Peace Activism at Wilton Quaker Meeting

History of Peace Activism at Wilton Quaker Meeting

Quakers have always opposed war and preparation for war. Perhaps Wilton Quaker Meeting’s most important action in relation to wider Quakerism was the adoption in 1960 of a minute which was submitted to and approved by New York Yearly Meeting. The text follows:


It is now 300 years since Friends first declared “we cannot learn war anymore.” Now as then, the spirit of Jesus Christ can never move us to violence, neither in personal conflict nor in public life. His way is opened by that of God in every man; and by the helping hand of God available to all.

Today His way can save the world. Though every individual owes loyalty to the state, he owes higher loyalty to the authority of the inner light that is of God.

And so with special urgency we invite all who hear to utterly renounce war—now the real and final enemy of man—and daily to seek ways to practice the life that knows no occasion for war, and to learn the ways of peace without which all men perish.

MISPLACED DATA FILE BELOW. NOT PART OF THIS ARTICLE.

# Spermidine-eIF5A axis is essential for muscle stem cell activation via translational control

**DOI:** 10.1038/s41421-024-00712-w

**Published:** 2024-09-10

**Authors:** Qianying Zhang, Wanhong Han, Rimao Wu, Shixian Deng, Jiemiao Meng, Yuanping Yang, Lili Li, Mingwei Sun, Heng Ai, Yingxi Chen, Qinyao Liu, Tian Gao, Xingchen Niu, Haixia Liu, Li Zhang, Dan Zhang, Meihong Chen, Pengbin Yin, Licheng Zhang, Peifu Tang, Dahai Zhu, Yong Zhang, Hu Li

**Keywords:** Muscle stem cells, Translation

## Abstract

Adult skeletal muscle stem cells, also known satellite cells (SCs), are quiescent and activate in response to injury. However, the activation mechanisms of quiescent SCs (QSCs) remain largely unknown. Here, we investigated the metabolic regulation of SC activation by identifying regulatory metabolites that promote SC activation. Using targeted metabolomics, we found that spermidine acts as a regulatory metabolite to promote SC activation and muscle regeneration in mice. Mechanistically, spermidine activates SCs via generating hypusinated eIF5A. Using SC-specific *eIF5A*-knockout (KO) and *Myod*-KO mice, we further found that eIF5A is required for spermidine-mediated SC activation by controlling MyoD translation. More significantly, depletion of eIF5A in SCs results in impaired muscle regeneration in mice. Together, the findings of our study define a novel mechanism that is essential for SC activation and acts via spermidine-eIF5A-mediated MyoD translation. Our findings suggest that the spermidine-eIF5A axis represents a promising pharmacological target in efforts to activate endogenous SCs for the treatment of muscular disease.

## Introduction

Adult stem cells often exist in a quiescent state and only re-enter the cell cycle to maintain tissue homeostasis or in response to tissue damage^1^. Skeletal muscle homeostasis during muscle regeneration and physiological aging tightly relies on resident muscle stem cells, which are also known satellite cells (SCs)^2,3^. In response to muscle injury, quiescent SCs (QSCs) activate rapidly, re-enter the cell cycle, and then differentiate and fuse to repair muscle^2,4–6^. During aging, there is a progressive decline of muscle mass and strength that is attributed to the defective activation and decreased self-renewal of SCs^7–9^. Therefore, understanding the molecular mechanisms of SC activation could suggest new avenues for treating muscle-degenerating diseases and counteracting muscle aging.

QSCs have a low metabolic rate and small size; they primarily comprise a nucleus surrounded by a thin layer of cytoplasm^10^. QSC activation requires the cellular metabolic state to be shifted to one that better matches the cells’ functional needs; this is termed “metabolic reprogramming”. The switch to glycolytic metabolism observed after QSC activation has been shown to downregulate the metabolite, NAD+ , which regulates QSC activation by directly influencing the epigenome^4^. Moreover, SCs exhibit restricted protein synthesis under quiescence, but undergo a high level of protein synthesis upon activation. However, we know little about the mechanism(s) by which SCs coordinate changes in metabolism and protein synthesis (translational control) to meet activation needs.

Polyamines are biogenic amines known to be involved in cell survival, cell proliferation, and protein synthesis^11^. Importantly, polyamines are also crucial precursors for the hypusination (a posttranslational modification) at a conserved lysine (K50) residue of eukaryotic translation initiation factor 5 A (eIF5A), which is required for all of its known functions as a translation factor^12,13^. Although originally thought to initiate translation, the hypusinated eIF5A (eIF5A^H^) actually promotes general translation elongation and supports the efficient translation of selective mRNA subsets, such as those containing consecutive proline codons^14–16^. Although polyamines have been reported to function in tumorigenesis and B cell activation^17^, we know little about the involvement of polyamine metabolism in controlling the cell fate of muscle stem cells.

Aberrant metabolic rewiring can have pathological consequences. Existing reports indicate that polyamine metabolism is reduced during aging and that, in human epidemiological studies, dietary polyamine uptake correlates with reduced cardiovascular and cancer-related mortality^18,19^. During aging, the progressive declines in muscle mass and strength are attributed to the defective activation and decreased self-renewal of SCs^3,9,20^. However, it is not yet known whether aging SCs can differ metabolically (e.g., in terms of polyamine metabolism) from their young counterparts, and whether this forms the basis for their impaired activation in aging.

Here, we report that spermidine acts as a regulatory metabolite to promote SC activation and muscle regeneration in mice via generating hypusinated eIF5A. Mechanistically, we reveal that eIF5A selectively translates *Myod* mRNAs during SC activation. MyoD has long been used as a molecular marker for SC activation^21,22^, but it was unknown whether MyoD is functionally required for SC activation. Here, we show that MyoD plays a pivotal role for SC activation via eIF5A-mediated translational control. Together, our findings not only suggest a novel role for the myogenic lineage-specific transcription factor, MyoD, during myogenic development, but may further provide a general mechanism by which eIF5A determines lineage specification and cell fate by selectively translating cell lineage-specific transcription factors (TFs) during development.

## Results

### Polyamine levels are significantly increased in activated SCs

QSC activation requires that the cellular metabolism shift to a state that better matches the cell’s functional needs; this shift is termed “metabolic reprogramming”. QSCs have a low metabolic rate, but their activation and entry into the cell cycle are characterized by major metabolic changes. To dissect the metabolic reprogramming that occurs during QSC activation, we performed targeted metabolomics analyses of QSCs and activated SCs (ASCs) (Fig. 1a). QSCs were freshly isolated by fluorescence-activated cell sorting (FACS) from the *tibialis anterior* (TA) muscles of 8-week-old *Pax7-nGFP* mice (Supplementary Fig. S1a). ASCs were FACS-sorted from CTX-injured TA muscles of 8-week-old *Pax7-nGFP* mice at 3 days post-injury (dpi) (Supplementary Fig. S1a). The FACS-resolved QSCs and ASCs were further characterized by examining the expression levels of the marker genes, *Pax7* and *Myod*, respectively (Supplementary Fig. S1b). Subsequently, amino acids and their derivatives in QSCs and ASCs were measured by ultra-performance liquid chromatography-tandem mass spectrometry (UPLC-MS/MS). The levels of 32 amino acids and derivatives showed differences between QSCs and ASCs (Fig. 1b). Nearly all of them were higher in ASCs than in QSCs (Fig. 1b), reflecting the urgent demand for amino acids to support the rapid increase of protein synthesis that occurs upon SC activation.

Consistent with this position, WQM has been and is deeply engaged in many causes related to peace, resistance to war, and striving for a better social order. From the efforts of the sewing group, the “Hiroshima Maidens,” the anti-draft movement, the Sanctuary Movement when we sponsored a Guatemalan family, to the present-day movement against the death penalty or anti-gun violence, Wilton Meeting has stood up for looking for the Spirit Within rather than outward strife. 

Decrease Nuclear Missiles & Address Climate Change

Wilton Quaker Meeting reached unity to recommend the United States decrease land-based nuclear missiles and redirect resources to finance climate change adaptations and infrastructure more generally. Decommissioning these nuclear weapons will require disposal of toxic materials and will create some jobs in those districts to accomplish the disposal.

Wilton Quaker Meeting calls on all faith communities, secular and humanist organizations, to work toward nuclear disarmament.